As Apache Kafka-driven projects become more complex, Hortonworks aims to simplify it with its new Streams Messaging Manager (SMM).
About the only thing harder than setting up a real-time streaming analytics application based on open source Apache Kafka software is arguably managing and securing it. To address those issue Hortonworks has unveiled Streams Messaging Manager (SMM), an open source monitoring and management tool for Kafka environments.
The goal is to provide visibility into Kafka environments that IT operations teams today have no visibility into because they lack tools, says Hortonworks’ Jamie Engesser, vice president of product management. IT operations teams today are unable to see, for example, who is employing Kafka to publish services, who is consuming those services or where there might be any bottlenecks, says Engesser.
“There’s no visibility,” he says.
He notes that monitoring and management tools are needed to optimize not just tuning, replication and synchronization but also track the lineage of data lineage from the network edge to the cloud. As compliance mandates become more challenging to meet around the world, IT operations teams need to be able to audit where data has been streaming.
SMM addresses that issue by providing monitoring and management tools that can reach all the way out to the network edge, says Engesser. In fact, he says that 30 percent of the support revenue being generated by Hortonworks now stems from a distributed big data application that reaches out the network edge.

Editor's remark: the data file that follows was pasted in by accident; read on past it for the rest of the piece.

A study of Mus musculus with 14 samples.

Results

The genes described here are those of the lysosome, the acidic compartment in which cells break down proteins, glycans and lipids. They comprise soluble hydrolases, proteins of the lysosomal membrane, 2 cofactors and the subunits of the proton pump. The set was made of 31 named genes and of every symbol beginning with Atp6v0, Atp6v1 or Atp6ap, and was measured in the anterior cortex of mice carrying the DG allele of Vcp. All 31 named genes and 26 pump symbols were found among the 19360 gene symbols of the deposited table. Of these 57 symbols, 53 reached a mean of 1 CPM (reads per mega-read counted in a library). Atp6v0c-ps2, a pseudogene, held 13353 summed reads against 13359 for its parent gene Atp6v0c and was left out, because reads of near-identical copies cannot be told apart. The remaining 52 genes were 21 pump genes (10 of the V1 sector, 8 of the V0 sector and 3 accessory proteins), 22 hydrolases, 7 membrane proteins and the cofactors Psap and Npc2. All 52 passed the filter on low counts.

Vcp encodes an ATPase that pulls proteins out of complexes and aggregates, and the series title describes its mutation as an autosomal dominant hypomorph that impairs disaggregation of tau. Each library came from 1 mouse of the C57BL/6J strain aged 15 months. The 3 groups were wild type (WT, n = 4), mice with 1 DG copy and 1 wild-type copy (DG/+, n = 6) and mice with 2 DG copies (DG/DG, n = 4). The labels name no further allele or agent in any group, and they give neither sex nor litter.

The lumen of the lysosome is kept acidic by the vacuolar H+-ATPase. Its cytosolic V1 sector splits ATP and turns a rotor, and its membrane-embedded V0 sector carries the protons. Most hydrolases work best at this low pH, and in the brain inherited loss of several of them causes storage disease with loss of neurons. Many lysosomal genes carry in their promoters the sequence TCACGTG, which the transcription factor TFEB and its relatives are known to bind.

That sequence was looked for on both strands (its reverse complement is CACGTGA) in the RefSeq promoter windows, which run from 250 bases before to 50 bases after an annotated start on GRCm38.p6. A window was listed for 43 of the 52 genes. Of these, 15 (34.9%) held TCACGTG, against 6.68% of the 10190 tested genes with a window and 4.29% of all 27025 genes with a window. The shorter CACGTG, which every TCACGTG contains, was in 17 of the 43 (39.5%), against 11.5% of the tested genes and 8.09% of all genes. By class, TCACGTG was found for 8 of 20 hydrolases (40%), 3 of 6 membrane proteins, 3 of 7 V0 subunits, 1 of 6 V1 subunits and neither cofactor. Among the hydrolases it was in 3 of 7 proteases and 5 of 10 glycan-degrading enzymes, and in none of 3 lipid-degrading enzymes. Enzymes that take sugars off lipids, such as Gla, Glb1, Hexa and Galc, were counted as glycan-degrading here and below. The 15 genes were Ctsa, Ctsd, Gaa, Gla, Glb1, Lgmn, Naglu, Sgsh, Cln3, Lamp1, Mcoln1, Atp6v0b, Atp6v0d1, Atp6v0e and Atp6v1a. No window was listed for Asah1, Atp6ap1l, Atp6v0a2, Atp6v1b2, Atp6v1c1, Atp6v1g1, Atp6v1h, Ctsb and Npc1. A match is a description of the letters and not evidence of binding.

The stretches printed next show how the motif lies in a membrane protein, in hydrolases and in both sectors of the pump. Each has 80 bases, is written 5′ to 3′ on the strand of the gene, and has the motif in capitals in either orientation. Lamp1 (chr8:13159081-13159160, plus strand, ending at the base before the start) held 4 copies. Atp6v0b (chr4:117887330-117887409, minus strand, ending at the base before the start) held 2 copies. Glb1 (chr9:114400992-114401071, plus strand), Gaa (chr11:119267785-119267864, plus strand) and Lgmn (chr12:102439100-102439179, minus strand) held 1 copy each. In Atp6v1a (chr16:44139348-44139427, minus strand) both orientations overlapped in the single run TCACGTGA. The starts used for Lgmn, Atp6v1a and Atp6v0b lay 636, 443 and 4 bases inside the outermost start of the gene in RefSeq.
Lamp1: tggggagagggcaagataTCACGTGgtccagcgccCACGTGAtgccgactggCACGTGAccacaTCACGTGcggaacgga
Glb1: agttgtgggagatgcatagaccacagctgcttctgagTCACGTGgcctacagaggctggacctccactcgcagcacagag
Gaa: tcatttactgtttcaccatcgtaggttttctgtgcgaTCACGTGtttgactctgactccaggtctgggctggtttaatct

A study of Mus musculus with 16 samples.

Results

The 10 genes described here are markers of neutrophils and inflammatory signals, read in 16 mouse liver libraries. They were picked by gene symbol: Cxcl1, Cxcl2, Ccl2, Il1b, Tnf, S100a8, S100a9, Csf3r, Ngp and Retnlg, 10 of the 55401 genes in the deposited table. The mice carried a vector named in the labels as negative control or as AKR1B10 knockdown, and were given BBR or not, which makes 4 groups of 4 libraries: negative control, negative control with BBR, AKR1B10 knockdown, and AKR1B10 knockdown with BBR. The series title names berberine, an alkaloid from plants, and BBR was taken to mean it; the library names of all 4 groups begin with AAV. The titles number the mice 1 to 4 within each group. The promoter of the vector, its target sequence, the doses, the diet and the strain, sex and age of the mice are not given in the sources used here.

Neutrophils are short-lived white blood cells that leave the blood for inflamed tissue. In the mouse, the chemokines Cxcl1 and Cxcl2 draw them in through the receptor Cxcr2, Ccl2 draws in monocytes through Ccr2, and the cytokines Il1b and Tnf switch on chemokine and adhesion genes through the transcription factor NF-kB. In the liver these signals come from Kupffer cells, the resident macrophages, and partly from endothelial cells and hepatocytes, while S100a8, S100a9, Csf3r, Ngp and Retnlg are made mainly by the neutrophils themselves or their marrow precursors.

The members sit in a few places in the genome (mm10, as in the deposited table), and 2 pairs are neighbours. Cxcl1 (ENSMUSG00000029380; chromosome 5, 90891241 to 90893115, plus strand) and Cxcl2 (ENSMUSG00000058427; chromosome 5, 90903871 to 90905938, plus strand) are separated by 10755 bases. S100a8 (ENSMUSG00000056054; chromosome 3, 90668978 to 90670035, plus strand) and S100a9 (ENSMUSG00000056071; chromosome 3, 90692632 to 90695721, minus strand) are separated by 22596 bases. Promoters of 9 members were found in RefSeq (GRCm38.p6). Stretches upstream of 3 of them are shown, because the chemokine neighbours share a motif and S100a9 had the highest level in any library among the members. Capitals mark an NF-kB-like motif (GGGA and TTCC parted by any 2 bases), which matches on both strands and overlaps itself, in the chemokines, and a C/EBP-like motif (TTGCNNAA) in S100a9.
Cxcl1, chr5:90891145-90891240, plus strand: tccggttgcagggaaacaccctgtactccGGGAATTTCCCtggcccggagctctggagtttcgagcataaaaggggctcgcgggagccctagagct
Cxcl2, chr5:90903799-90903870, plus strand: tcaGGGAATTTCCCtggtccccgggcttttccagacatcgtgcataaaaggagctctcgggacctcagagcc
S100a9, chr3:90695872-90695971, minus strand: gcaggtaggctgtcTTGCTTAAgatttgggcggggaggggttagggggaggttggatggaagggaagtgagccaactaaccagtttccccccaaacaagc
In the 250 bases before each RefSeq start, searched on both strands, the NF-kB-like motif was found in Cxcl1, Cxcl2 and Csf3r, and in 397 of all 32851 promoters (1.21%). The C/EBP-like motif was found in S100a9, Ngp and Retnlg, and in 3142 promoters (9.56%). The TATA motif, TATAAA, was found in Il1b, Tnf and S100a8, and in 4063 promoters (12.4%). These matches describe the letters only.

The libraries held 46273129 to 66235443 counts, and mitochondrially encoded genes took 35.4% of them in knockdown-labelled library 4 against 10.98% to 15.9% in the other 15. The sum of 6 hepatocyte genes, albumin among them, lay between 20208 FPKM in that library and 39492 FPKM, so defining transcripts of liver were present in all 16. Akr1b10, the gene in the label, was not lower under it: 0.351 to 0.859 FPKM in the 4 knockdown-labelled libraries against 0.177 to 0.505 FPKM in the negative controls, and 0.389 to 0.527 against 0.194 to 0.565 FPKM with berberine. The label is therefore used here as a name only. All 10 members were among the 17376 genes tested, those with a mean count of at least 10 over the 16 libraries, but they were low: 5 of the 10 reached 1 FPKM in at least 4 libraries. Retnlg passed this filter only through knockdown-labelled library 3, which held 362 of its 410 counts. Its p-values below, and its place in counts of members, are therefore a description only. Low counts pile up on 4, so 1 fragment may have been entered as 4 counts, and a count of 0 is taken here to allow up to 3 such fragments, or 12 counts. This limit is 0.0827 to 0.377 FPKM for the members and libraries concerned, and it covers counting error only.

Apache Kafka external support needed
Engesser says Hortonworks is betting that as the complexity challenges surrounding Hadoop and Kafka becomes more apparent it’s only a matter of time before IT organizations look to rely on more external support.
Hortonworks is also moving to make it simpler to manage data flows across instances of the Hadoop distribution it curates. A release of version 3.2 of Hortonworks DataFlow, which adds tighter integration with version 3.0 of the Hortonworks Data Platform (HDP). Those additional capabilities include enhanced resiliency to smooth workflow across large clusters, support for version 3.0 of Apache Hive data warehouse software and more granular control over multitenant environment using Kerberos keytab isolation.
In general, IT organizations are being challenged to manage data at scale at a time when investments in artificial intelligence (AI) application is starting to escalate. The machine and deep learning algorithms that drive the models on which those AI applications depend require access to massive amounts of data to train them. Engesser says big data platforms such as Hadoop provide a mechanism to not only centrally manage that data but also score data being collected via the open source TensorFlow machine learning framework at the edge of the network.
There’s no doubt that IT operations issues surrounding big data are becoming more challenging with each passing day. Data is now flowing in and out of modern data warehouses to help drive a new generation of real-time analytics applications. Instead of analyzing a sample of that data an organization collects it’s now feasible to analyze not just all the data an organization owns, but also stream external data into the data warehouse to correlate that data against multiple sources.
The paradox behind managing all that data to drive AI models it that as the sheer volume of data that needs to be managed will inevitably require IT administrators to rely more on AI technologies to manage it at scale.